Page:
Sometimes there’s nothing better than diving into a new story, learning about characters, the world and its events. With the limits and boundaries of technology constantly being pushed, it’s no surprise that video games have become the gripping cinematic experience they’ve become.
With games such as Until Dawn, The Walking Dead and The Last Of Us, we’ve experienced true panic, fear and grief (I’m looking at you Telltale).
But among some of the greatest stories to grace our lives, a handful didn’t quite deliver what was expected. Here’s our list of contentious video game plots –
Mass Effect 3
Referencing back to games such as The Walking Dead, players making decisions that effect the game has become a trend in immersive single player stories. Mass Effect has a well balanced mix of third person combat and decision making, but it didn’t save the game from its shallow ending.
Fans of the franchise will most likely agree, you’ve spent hours in each game making the right friends and foes, choosing the best options and of course, romancing everyone. So it came to an obviously disappointing end when your past actions didn’t really effect the ending at all.
It can be altered but the fact you wasted your time thinking possible outcomes to be offered one of three endings, it’s a tough pill to swallow.
It seems to be a re-occurring trend for games granting players ‘freedom of choice’, all the decisions you made are in vain because the game is scripted, relieving you of all freedom it promises with a couple of linear endings.
Metal Gear Solid 2: Sons Of Liberty
Metal Gear fans will know Kojima’s love for the obscene, we’ve seen it in every MGS game, breaking the fourth wall, Johnnys bowel movements, secret jokes and the weird and wonderful characters. We’ve all come to expect and love these things in the games, but some things were swing and a miss.
One example of this would be the whole story of MGS 2. The first mission has you in the shoes of Snake, doing what he does best. It’s all familiar and what you expected, then out of nowhere Snake is gone and you’re in control of Raiden, a bleach blonde, whiny pretty boy with an annoying girlfriend. Kojima has stated that it was an attempt to trigger an emotional response with the players, and it obviously worked.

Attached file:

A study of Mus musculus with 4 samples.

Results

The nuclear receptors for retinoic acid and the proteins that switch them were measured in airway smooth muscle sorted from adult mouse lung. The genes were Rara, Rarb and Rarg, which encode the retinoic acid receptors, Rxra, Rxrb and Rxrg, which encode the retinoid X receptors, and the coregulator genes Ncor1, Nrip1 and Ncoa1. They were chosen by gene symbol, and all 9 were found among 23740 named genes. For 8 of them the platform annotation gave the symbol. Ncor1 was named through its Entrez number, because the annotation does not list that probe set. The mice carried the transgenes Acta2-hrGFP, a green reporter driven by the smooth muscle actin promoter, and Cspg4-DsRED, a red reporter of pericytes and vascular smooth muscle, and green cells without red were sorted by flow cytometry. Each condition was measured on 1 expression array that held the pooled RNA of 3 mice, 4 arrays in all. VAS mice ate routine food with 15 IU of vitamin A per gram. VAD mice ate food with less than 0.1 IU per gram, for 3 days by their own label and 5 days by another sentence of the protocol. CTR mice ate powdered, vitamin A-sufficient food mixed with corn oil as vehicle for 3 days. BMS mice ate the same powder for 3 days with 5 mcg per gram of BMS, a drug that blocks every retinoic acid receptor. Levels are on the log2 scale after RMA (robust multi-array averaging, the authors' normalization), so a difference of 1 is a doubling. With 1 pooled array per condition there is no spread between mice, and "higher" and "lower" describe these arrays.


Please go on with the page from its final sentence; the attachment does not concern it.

MGS 2 is a great game by all means, but Kojimas stunt has us scratching our heads. Playing as Snake throughout the whole story would have just complemented the game, instead of confusing and to an extent, angering the loyal fans. Was this a display of Kojimas confidence in the fact we’ll just buy anything with a MGS label?
Fallout – The Caps Situation
Not specifying one certain game in the franchise and putting aside the fact that it’s set post nuclear war, some things about Fallout just don’t add up.
My main question, why are caps currency? I’m sure there’s some lore buried deep within an old game magazine or website regarding why, but in real terms, it wouldn’t work. In our travels throughout the Fallout franchises, we have come across Nuka Cola factories that produced these caps, as of yet we have to find one that’s still operational.
After the war businesses obviously ceased to exist, Nuka Cola included. So after production of Nuka Cola stopped, caps production would immediately follow. So that means there are a limited amount of caps in the world, deeming caps an unsustainable source of currency.
In a post apocalyptic world stable production of anything would be next to impossible, but from what we’ve seen the soil is still good to grow crops and vegetables, why not food? Most of the water is radiated so why not purified water? Of course these make for a boring alternative of bottle caps, but I’m being very critical here.
Just Cause 3
Just Cause 3 has had mixed reviews all around, the game boasts the ultimate level of destruction, which it delivers (with some boundaries), a full arsenal of weapons & gadgets and a real James Bond/Mission Impossible feel to the game. And of course, frame rate drops when the action is at its best and major graphical glitches.
The game itself is unbelievably fun, and like other fun orientated games such as Saints Row, the story can be a little lackluster. But my question, is Rico really the good guy? So yeah he’s overthrowing a dictator who’s taken control of Medici, but by method of chaos. Explosions everywhere, bullets flying carelessly, reducing the military to ashes.
Is this what was needed? How many innocents were killed while Rico started a civil war? How much will it cost the taxpayers to rebuild Medici when Rico tears it to pieces? How can Rico be sure that when he’s releasing inmates to cause chaos in a prison, he hasn’t unleashed murderers, rapists and thieves?
It’s probably best to forget about all this and just blow stuff up of course.
These were four video game plots that didn’t add up for us. Have we missed something you’ve noticed in a story? However small, let us know in the comments section.